Cheilocostus speciosus.jpg
Cheilocostus speciosus from Tortuguero, Costa Rica
Wild crêpe ginger (Cheilocostus speciosus) - Bukidnon, Philippines 01.jpg
Wild Cheilocostus speciosus from Bukidnon, Philippines
Scientific classification
Genus:
Cheilocostus
Species:
speciosus
Synonyms
  • Costus speciosus (J.Koenig) Sm.
  • Banksea speciosa J.Koenig in A.J.Retzius
  • Hellenia speciosa (J.Koenig) S.R.Dutta

many more

Cheilocostus speciosus, or crêpe ginger, is a species of flowering plants in the family Costaceae. Some botanists have now revived the synonym Hellenia speciosa for this species.

It is native to southeast Asia and surrounding regions, from India to China to Queensland, It is especially common on the Greater Sunda Islands in Indonesia. It is also reportedly naturalized in Mauritius, Réunion, Fiji, Hawaii, Costa Rica, Belize, Melanesia, Micronesia, and the West Indies. It is widely cultivated as an ornamental.

Description

Cheilocostus speciosus and other members of the Costaceae differ from gingers by having only one row of spirally arranged leaves. The species reproduces vegetatively by rhizome, and birds disperse the seeds when they feed on the fruits.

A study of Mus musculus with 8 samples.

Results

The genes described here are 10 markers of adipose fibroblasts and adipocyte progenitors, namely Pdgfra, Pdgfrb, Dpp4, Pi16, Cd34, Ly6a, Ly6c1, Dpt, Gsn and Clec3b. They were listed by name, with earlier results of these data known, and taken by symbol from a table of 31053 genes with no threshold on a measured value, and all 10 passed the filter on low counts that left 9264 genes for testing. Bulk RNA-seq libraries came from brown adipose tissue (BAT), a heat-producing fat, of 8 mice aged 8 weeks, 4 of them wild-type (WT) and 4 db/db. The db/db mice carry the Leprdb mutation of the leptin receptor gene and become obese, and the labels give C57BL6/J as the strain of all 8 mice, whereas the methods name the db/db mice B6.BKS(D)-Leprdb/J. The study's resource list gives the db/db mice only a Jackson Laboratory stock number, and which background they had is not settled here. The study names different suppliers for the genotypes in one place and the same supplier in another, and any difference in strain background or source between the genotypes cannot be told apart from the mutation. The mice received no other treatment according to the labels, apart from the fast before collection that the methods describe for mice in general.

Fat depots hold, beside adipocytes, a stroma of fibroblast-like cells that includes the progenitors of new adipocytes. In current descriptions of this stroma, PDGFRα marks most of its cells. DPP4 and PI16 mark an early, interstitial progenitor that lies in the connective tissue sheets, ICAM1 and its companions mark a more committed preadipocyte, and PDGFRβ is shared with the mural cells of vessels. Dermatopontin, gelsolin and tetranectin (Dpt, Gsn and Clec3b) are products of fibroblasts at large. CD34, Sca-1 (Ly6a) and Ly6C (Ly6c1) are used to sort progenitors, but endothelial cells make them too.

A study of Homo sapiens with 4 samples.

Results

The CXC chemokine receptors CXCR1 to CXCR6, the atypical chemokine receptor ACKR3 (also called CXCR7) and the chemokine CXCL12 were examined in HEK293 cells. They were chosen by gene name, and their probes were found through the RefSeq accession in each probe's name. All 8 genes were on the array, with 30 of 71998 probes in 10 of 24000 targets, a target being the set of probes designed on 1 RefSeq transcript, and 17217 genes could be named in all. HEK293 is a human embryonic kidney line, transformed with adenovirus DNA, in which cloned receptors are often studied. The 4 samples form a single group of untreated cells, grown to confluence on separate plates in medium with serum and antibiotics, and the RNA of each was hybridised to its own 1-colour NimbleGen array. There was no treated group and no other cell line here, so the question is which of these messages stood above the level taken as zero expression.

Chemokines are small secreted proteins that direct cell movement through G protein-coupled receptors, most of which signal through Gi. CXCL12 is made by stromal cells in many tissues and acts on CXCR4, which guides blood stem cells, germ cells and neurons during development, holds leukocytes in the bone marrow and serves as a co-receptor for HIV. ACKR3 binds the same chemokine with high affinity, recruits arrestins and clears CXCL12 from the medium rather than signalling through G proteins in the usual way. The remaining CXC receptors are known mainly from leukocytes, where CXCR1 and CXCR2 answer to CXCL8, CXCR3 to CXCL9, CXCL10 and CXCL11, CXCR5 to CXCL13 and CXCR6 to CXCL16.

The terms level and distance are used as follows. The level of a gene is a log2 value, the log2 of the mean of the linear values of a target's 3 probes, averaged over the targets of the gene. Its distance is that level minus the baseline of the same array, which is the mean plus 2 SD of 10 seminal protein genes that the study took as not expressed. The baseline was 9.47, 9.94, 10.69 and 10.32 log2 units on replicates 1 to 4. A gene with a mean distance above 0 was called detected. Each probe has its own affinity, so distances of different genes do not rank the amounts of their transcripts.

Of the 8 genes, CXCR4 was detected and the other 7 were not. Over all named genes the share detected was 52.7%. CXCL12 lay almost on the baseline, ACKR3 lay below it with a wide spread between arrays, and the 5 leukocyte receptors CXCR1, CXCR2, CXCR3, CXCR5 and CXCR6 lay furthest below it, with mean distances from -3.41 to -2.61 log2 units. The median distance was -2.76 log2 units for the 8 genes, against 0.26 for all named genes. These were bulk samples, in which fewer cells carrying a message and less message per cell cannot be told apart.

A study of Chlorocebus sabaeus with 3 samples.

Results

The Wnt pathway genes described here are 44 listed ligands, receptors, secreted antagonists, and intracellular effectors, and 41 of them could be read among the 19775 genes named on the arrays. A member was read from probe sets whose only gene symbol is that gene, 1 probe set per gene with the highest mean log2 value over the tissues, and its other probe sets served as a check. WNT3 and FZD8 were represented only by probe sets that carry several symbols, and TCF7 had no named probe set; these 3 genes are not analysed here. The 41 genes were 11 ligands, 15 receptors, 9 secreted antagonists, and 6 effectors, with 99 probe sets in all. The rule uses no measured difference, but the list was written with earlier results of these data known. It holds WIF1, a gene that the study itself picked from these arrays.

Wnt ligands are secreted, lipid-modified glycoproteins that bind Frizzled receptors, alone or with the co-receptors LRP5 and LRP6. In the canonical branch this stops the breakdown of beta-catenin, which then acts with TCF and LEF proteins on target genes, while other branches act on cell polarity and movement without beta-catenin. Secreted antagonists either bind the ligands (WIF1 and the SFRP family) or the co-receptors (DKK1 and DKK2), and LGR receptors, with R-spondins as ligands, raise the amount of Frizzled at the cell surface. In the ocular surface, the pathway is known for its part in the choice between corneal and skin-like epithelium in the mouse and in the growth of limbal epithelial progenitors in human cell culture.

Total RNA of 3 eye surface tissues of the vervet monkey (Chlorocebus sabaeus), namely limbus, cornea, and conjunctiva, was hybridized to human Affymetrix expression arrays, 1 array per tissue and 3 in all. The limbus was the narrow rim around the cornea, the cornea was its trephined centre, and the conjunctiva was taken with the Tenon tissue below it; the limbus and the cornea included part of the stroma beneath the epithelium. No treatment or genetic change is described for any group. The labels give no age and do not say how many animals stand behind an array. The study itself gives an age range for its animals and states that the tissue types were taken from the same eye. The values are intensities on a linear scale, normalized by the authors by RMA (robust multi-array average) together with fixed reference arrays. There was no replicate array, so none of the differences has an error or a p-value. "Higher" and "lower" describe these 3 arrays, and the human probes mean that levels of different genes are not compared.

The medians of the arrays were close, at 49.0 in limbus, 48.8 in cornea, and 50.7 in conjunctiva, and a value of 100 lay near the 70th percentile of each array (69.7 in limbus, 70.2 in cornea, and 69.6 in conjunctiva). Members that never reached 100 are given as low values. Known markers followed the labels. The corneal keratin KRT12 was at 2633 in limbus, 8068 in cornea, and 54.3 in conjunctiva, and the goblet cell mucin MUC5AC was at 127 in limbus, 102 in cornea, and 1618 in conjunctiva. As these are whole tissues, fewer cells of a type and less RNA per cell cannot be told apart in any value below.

This plant is cultivated in South Asia and Southeast Asia for its medicinal uses, and is cultivated elsewhere as an ornamental. In some areas Cheilocostus speciosus is introduced and has become an invasive species.

Habitat

The habitat where this species is found is roadside ditches and low-lying areas in tropical forests. Flowering starts after onset of the rainy season.

Human relevance

The plant has many historical uses in Ayurveda, where the rhizome has been used to treat fever, rash, asthma, bronchitis, and intestinal worms. It is mentioned in the Kama Sutra as an ingredient in a cosmetic to be used on the eyelashes to increase sexual attractiveness. It is used to treat kidney problems and other urinary problems in Mizo Traditional Medicine. It was used as a traditional medicine by Malays when evil spirits have possessed a body, as well as for the treatment of high fever, smallpox and as a purgative.

Cheilocostus speciosus has a large number of common names in many languages, including isebsab (Palauan); keu, kemuk or keumul (Bengali); keukand (Hindi); thebu (Sinhala); pakarmula (Gujarati); pushkarmula (Marathi and Sanskrit); jom lakhuti (Assamese); kostam (Tamil); Kosta (Kannada); Kostamu (Telugu); Okchak Khombi (Manipur) sumbul (Mizo); setawar (Malay).